Rounded corners...where do I start/stop the paint?

Old 01-11-02, 09:43 AM

The downstairs of my home is all done in rounded corners. I want to paint but there's no sensible place to start and stop the paint. Any suggestions?

Old 01-11-02, 01:00 PM

I take it that you are talking about coved ceilings ?? A couple of easy solutions..........1) see your local lumber company for a small molding usually 3/4" wide and about 3/16" thick (called screen molding) This can be primed, painted and attached to the walls at a desired level (say six or eight inches below the ceiling) this will give you a breaking point between the ceiling and wall paints. 2) your other option is to look into a wallpaper type border usually available anywhere from 3 inches to 9 inches wide.
Old 01-14-02, 03:53 PM

Old 01-16-02, 12:49 PM

I think you are referring to the bullnose edges they use in new homes now where all the wall corners are rounded instead of coming together at a point.

When I painted my rooms I decided to paint as far around the edge as would be visible from that room. It worked great because when I am in one room or the hallway, I cannot see the paint edge of the other rooms unless I walk in that room.

It's a little tricky, but not too difficult. It just requires you to stand back and look at the entrance and then tape the edge. The tape will probably be slightly past midway into the curve.

Hope this makes sense.
Old 01-17-02, 05:02 AM
Old 01-17-02, 11:32 AM

On the outside it looks just the same as the other "blue" Scotch paint tapes, but it feels different - much thinner. I had no problem with bleeding at all. You just need to make sure that you press it in place with your hands once you apply it to the wall.

The numbers on in the inside cardboard are #2080. I have not been able to find any more of it. I've checked with Home Depot, Sears, etc.

When I used the last bit of it, I was almost finished taping off the top part of a wall for a stencil design that was to go above the tape. I could tell where the #2080 ended and the regular blue tape began just by the edges. The edges for that tape were very clean and sharp. Try Sherman-Williams, if there is one near you.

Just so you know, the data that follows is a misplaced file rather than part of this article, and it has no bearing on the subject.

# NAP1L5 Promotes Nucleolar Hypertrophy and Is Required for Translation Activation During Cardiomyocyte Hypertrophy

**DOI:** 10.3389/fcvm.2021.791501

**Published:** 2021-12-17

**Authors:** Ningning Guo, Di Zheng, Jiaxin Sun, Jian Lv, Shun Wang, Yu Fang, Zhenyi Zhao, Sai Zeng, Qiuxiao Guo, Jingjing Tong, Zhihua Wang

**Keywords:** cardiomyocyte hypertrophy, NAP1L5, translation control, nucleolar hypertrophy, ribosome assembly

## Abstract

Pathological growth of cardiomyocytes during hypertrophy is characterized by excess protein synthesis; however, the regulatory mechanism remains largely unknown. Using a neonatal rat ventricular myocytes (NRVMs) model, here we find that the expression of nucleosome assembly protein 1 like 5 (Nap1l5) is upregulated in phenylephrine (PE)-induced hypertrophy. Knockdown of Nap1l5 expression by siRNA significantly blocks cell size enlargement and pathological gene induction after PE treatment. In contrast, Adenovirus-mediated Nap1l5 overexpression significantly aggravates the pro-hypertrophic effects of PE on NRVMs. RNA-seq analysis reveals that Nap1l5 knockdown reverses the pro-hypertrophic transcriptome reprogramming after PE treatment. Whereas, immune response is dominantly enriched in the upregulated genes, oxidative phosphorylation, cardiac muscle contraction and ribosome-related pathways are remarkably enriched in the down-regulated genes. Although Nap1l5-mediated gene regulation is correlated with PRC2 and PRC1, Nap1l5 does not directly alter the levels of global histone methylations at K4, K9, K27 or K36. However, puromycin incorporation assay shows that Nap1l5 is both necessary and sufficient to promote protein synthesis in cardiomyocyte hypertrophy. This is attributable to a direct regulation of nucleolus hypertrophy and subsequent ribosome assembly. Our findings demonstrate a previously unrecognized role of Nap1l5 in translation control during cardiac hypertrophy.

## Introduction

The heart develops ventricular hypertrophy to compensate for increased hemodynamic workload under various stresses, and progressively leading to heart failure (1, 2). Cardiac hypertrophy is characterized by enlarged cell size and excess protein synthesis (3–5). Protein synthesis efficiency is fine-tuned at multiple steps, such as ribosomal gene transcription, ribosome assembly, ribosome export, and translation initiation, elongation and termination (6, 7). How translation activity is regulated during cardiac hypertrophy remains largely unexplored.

Old 01-22-02, 12:23 PM
Old 06-01-13, 05:26 PM

I had to learn the hard way... But I was the same and wanted different colors for different rooms. Here are TWO solutions that worked beautifully and no one notices!!
1) my breakfast room attaches to my kitchen like most. I wanted this to me two shades off from the kitchen color. I painted up to the edge where it begins to curve. Then I did a gradual fade going through the curve. Then I painted the kitchen and did another gradual fade through the part that I already faded. So the two colors kinda blended on the curve! Looks AWSOME!
2) Regular dining room, 2 entries, one is to kitchen (one color) and to living area(another color). SOLUTION: TRIM/border, or u can use any of the trims u like that goes with your decor. I used the tape to make a line in middle of doorway(they are usually about 3"), each side of line is different color. BUT I put the trim(stain or paint to desired color) and put on line, right in the middle of passway.
IT LOOKS VERY PROFFESSIONAL and beautiful!! Get creative with the boarder, then your creative juices will flow with other things to use this trim for!!
Old 06-02-13, 04:03 AM

You've replied to an 11+ yr old thread made by folks who are no longer members of the forum BUT I'd be interested in seeing pics of your transition between colors. I generally advice against color changes on a bullnose corner, I can paint a straight line with a brush but never liked the looks of splitting colors on a rounded corner.